The Venezuela crisis is deepening with passing time. European Union, Australia, US, New Zealand have recognised Juan Guaidó, the opposition leader as the president.
Juan Guaidó, the opposition leader, has said that President Nicolás Maduro is illegitimate and has asserted himself as Venezuela’s interim president.
What’s the crisis?
Both Juan Guaidó and Nicolás Maduro have debatable claims to legitimacy. As a result, the whole issue has become messy.
Venezuela has been grappling with crisis spiral for years with growing political discontent further fuelled by skyrocketing hyperinflation, power cuts and shortages of food and medicine. The recent crisis haunting Venezuela is Who is the President?
How did the Presidential Crisis begin?
On 23rd January the leader of the legislature, Juan Guaidó, declared himself acting president and said he would assume the powers of the executive branch from there onwards. This was a challenge to President Nicolás Maduro, who had been sworn into a second six-year term in office just two weeks previously. President Maduro condemned this as a ploy by the US to oust him.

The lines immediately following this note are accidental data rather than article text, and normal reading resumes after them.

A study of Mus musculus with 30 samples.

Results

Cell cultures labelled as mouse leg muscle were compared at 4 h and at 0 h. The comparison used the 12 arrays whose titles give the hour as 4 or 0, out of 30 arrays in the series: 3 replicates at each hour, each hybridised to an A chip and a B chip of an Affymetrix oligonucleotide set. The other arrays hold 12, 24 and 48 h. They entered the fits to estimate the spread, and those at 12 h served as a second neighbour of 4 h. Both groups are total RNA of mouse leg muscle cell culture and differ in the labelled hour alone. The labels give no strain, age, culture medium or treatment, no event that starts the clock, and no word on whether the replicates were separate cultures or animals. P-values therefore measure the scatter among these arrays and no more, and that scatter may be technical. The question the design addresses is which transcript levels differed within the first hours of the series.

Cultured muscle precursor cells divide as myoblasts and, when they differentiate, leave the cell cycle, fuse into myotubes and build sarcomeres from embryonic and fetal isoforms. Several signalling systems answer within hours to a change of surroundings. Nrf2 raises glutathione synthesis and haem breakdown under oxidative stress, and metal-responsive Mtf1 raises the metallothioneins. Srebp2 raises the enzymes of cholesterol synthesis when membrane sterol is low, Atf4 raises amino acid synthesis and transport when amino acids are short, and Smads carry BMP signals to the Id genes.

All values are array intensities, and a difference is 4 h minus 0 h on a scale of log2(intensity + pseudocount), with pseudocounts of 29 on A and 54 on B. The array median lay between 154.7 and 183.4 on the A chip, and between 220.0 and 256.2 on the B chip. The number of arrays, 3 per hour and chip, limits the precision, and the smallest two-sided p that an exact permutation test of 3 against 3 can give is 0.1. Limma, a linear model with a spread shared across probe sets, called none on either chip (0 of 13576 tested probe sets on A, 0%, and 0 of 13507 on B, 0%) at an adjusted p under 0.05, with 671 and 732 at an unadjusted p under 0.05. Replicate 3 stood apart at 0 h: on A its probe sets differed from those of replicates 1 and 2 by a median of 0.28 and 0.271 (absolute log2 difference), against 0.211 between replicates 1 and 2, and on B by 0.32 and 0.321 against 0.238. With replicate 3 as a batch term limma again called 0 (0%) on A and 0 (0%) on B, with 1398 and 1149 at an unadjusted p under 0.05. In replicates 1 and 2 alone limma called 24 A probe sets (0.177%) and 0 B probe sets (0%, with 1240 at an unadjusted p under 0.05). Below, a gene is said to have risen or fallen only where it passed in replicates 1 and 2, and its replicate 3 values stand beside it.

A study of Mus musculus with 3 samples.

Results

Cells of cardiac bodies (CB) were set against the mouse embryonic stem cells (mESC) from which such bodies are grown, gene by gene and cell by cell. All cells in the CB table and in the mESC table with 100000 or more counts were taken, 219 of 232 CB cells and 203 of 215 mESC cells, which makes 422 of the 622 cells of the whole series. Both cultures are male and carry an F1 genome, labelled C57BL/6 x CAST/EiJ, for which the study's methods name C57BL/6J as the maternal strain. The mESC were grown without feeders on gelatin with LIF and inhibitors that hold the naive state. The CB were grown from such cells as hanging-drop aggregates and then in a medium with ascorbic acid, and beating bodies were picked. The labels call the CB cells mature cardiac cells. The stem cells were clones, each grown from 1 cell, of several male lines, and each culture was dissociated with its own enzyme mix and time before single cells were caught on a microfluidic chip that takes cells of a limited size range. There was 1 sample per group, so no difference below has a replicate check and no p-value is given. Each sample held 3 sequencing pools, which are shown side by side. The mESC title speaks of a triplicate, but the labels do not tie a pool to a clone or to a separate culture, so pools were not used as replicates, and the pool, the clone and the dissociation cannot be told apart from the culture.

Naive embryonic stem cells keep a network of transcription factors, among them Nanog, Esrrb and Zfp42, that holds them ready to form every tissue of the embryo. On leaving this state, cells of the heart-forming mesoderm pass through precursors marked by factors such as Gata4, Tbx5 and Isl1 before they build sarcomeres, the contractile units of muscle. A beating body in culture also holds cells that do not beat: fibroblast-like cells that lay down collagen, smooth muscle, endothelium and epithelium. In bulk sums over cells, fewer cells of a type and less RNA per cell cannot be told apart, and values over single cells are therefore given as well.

Nicolás Maduro was first elected as President with a thin margin of 1.6 percentage votes in April 2013 after the death of his predecessor, Hugo Chávez. Nicolás Maduro was re-elected to the office of president for a second six-year term in highly controversial elections in May 2018, which most opposition parties boycotted.
After being re-elected Nicolás Maduro announced that announced he would serve out his remaining first term and only then be sworn in for a second term.
The National Assembly leader Juan Guaidó argues that because the election was not fair. Articles 233 and 333 of Venezuela’s constitution empower the head of the National Assembly takes over as acting president under such circumstances. Juan Guaidó has staked the claim to be the acting president, as he was the head of the legislature.